2007 Asia Academic Forum
24th - 26th October, 2007: New Delhi, India
     
Chairperson:   Panel:
 
     
Track Speakers:    
   

JM Van Thong

Senior staff software engineer, Intel Digital Health Group

JM Van Thong JM Van Thong holds a PhD in Computer Science from Université Pierre et Marie Curie, Paris, France 1985. He worked first at Tangram, a start-up specialized in publishing and graphic software. Tangram was acquired by Digital Equipment to form the Paris Research Lab (PRL) where he continued developing 2D drawing applications for cartoon animation systems. In 1994, JM moved to the US to join the Digital Cambridge Lab (CRL), then Compaq and Hewlett Packard to work on speech recognition and audio indexing systems, including SpeechBot, the first audio search engine on the web (1999). Since 2000, JM focused his work on real-time streaming data processing systems and applications in the healthcare domain. In 2005, he joined the Intel Digital Health Group (DHeG). JM is currently a senior staff software engineer working in the Advanced Technology Group (ATG) in Cambridge, MA. He is responsible for the software architecture and development of health monitoring prototype applications created at ATG. JM is the author of co-author of over 25 papers, 2 books, and 15 patents.

Presentation Title Sensing and making sense: the new challenges of healthcare information systems

Abstract:
“The recent progress in sensing technology makes continuous monitoring possible for many healthcare applications and will help shift the care paradigm away from higher-cost invasive hospital stays towards lower-cost minimally intrusive home care. This approach will create new opportunities for early diagnosis, improve chronic diseases management, and enhance support for elder care. However, doctors and health practitioners face the daunting task of analyzing and reviewing vast amounts of data. Clearly computer assisted systems are needed to reliably collect data, archive, analyze and make sense of the gathered data, and help health personal to promptly make the appropriate decisions. In this talk, I will discuss the challenges faced by these systems and explain how they can be addressed by combining the appropriate combination of hardware sensors and software platforms.”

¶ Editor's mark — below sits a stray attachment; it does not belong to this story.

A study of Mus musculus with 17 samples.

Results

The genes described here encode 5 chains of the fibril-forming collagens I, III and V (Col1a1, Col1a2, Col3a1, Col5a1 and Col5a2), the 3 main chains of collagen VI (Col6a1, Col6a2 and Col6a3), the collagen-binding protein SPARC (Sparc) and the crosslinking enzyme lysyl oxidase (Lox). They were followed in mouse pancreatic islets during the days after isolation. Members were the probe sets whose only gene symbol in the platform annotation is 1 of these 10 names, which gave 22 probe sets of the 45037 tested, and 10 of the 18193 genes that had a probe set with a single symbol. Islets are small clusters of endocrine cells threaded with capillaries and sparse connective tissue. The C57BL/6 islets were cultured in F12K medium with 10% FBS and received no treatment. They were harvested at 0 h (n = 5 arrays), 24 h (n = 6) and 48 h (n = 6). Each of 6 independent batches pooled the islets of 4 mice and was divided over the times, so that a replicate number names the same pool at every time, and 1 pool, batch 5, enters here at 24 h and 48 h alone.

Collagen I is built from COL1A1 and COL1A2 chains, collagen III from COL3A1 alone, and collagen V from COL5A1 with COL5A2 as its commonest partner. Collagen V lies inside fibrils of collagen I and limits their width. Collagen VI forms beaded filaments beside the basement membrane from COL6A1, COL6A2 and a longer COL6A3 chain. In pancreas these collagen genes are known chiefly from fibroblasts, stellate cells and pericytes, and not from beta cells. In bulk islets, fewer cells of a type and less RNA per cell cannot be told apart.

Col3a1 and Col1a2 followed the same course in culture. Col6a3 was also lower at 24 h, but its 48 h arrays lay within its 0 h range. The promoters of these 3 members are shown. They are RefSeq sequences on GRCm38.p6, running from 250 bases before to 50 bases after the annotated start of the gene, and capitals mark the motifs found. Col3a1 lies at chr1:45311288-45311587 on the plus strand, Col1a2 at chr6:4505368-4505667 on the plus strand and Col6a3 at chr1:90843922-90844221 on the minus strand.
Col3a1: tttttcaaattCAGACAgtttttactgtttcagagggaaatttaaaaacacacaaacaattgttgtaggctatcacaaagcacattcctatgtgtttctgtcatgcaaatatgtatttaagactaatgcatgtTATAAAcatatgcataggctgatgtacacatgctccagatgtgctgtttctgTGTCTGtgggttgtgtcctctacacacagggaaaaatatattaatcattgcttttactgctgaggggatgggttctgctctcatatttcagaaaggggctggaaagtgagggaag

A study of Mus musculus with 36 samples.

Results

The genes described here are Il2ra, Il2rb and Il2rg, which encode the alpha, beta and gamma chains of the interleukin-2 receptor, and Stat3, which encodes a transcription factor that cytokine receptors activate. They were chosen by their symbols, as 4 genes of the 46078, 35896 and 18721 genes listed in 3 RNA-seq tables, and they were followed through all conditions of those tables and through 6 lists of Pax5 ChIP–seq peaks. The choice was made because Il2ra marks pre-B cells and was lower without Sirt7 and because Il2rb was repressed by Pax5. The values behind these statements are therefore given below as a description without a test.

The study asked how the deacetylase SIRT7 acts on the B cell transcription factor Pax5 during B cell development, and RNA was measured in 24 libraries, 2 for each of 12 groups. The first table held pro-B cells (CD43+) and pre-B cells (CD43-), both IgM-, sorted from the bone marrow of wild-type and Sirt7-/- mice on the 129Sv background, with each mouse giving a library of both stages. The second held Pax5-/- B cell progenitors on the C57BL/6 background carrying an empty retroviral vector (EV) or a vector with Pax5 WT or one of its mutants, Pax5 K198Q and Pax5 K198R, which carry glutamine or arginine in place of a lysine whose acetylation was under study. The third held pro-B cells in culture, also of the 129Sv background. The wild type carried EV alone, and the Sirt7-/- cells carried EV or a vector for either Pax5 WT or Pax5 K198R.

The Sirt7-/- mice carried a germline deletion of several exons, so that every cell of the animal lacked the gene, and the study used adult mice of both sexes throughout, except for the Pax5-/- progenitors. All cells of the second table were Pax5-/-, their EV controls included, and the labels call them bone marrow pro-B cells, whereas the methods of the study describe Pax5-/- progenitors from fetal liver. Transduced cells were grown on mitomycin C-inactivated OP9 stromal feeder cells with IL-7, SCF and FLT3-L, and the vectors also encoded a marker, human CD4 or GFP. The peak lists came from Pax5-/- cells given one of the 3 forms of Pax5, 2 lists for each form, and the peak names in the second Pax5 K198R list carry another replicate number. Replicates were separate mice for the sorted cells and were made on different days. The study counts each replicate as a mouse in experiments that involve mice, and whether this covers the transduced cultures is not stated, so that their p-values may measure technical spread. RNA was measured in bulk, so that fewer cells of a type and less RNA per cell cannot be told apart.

Ajay Bakre, Ph.D.

Research Scientist
Intel Research

Ajay Bakre Dr. Ajay Bakre is currently working as Research Scientist at Intel Research in Bangalore, India. He completed his Ph.D. from Rutgers University, New Jersey in 1996. He has 11 years of research and industry experience in the areas of IP/ATM Networking, Broadband Wireless Access and Storage Networking. Before joining Intel in 2003, he worked at NEC Research Labs, Iospan Wireless and Pillar Data Systems. He has several publications in the areas of Mobile Computing and Wireless Networking. He also holds 1 US patent. He is a member of IEEE and is currently serving as a Workshop Chair on the organizing committee of IEEE Comsware Conference to be held in 2008. He is also a member of the Project Review and Steering Group evaluating the implementation of a “Nationwide QoS Network Testbed” funded by Ministry of Communications and IT, Govt. of India. His current interests include Wireless Access Technologies such as WLAN and WiMax for Rural Connectivity, Mobile IP, Location Based Services and Multi-media Networking Applications.

Presentation Title Rural Wireless Connectivity: Technologies and Challenges

Abstract:
It is widely acknowledged that wireless connectivity will be the most cost effective method to bridge the "digital divide" between those who currently have Internet access and those who do not. This is especially true for developing and under-developed countries where hardly any wired connectivity options exist today in rural regions. This talk examines a few wireless technologies that are being developed today and the challenges in deploying these technologies in rural areas. Most notable among these are wireless broadband access technologies based on IEEE standards such as 802.11 and 802.16.

Herman D'Hooge

Innovation Strategist
Intel Research

Herman D'Hooge Herman D’Hooge is Innovation Strategist with Intel Research responsible in part for bringing external innovations & innovation practices into Intel.

Previously, he established a user-centered design & innovation competency chartered with bringing new end-user experiences to personal computing that are informed by real human needs and desires. This human-focused approach involves interdisciplinary teams of ethnographers, user researchers, human factors engineers, industrial designers, interaction designers, technologists and engineers for envisioning and defining future computing platforms and technologies.

Herman joined Intel in 1981 and has held positions in technology research, development, platform architecture, industry evangelism, and management in areas ranging from multi-processor computer architectures, PC system architecture, operating systems, computer security, fault tolerance, distributed systems, computer-telephony integration, “new users, new uses” applications research, and branded consumer products (toys, cameras, audio players).

He received an MS in Electrical Engineering and an MS in Computer Science both from the University of Ghent, Belgium. His professional interests are in understanding how technology can meaningfully impact people’s lives and how user-centered methods can be practically applied to inform technology innovation.

Presentation Title Human-Centered Innovation

Abstract:
The traditional “build it and they will come” mindset to technology innovation in Intel is gradually being augmented with methods aimed at first trying to understand what humans will find valuable and let that inform technology development. This presentation provides a high-level overview of this human-centered approach to innovation and explores implications for engineering education.